Today is World Sickle Cell Day. Sickle cell disease is a genetically inherited condition that affects millions worldwide and is chronic, painful and often leads to mortality. In SCD, the normally flexible red blood cells (RBCs) become stiff and sticky and acquire a sickle or crescent shape. These sickle-shaped RBCs cluster together and stick to walls of blood vessels thereby cutting off blood supply and oxygen to different body parts or organs. This can cause organ damage or even stroke. The disease is caused by the mutation of a gene that controls RBC production. Sickle cells carry a type of haemoglobin that contributes to the characteristic sickling. Dr Vishal Sehgal, Country Head, Portea Intensive & Specialty Homecare shares important pointers about Sickle Cell Disease.

The symptoms of this condition are as follows:

Anaemia: While normal RBCs have a life span of 120 days, sickle cells only live for about 10-20 days, leaving the patient severely anaemic. Typical signs of anaemia include lack of energy and constant fatigue.

Pain: Patients have episodic pain in different parts of the body where blood circulation has been affected. Intense pain, called crises, can last for anywhere from a few days to weeks. Excruciating pain, ulcers, abnormal swelling of face, etc., and bone damage may require immediate hospitalization.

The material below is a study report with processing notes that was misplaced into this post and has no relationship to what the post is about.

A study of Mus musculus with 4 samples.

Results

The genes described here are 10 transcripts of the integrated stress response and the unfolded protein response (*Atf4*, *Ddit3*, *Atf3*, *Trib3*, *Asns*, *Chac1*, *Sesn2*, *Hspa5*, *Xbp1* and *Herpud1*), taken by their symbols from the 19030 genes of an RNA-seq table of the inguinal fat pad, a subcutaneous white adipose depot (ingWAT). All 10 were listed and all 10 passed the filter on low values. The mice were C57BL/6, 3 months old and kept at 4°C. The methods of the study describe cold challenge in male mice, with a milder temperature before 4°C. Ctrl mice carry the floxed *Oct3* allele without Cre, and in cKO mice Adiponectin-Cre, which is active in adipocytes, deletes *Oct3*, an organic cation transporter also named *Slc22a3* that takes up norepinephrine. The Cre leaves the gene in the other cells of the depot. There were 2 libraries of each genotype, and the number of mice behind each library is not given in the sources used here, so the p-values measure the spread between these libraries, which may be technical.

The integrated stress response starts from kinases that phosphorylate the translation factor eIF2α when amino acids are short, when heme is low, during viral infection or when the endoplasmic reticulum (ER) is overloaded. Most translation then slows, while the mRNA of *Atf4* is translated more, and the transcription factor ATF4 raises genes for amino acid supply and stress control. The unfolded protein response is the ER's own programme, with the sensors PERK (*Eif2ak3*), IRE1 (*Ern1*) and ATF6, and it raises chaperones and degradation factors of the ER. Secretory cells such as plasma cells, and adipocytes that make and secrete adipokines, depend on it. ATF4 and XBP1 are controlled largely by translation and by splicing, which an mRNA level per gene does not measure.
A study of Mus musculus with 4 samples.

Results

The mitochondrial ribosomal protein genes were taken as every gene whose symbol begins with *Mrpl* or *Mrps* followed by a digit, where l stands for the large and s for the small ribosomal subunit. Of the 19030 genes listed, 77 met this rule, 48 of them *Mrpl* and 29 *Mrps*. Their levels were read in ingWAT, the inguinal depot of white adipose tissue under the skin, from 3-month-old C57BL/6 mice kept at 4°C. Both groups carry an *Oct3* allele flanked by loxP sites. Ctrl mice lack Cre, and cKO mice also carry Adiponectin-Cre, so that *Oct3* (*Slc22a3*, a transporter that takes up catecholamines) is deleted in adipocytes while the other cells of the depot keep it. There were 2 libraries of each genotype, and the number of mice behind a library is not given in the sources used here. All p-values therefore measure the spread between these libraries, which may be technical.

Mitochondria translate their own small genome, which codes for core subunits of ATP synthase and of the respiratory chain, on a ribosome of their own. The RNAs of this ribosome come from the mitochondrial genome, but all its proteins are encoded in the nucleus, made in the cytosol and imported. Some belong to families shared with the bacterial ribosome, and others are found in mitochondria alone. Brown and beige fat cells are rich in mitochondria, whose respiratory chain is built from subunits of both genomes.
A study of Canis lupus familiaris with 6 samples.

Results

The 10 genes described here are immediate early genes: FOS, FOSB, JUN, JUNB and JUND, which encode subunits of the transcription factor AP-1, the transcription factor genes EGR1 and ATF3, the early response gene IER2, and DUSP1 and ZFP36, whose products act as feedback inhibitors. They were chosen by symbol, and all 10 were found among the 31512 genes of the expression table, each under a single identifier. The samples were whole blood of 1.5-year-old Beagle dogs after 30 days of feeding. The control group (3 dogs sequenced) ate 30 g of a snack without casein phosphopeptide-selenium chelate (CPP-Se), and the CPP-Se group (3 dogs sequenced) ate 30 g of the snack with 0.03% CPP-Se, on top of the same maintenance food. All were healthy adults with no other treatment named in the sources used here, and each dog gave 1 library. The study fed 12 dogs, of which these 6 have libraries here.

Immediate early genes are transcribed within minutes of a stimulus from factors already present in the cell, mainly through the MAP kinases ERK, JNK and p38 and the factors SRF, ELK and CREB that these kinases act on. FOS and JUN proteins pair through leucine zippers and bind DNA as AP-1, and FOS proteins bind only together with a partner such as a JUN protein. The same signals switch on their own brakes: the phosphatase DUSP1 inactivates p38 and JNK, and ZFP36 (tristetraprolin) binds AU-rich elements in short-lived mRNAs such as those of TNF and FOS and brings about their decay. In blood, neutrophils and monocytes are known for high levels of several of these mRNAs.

Slow growth: Children affected by SCD often fail to grow to their full potential with teenagers lagging behind in height and onset of puberty.

Problems with vision: Blood supply to the optic nerves and muscles may be affected in many cases, leading to blurred vision and other problems.

Low immunity: Patients suffer from frequent infections. Due to low immunity, even common infections can prove to be life-threatening in people with SCD.

Recurrent venous thromboembolism (VTE): SCD puts patients at risk of developing venous thromboembolism or a clotting disorder in which clots are formed in deep veins, which can travel to critical organs, such as lungs, and lead to organ damage. Higher rate of internal bleeding is also seen in patients with this condition, leading to life-threatening complications.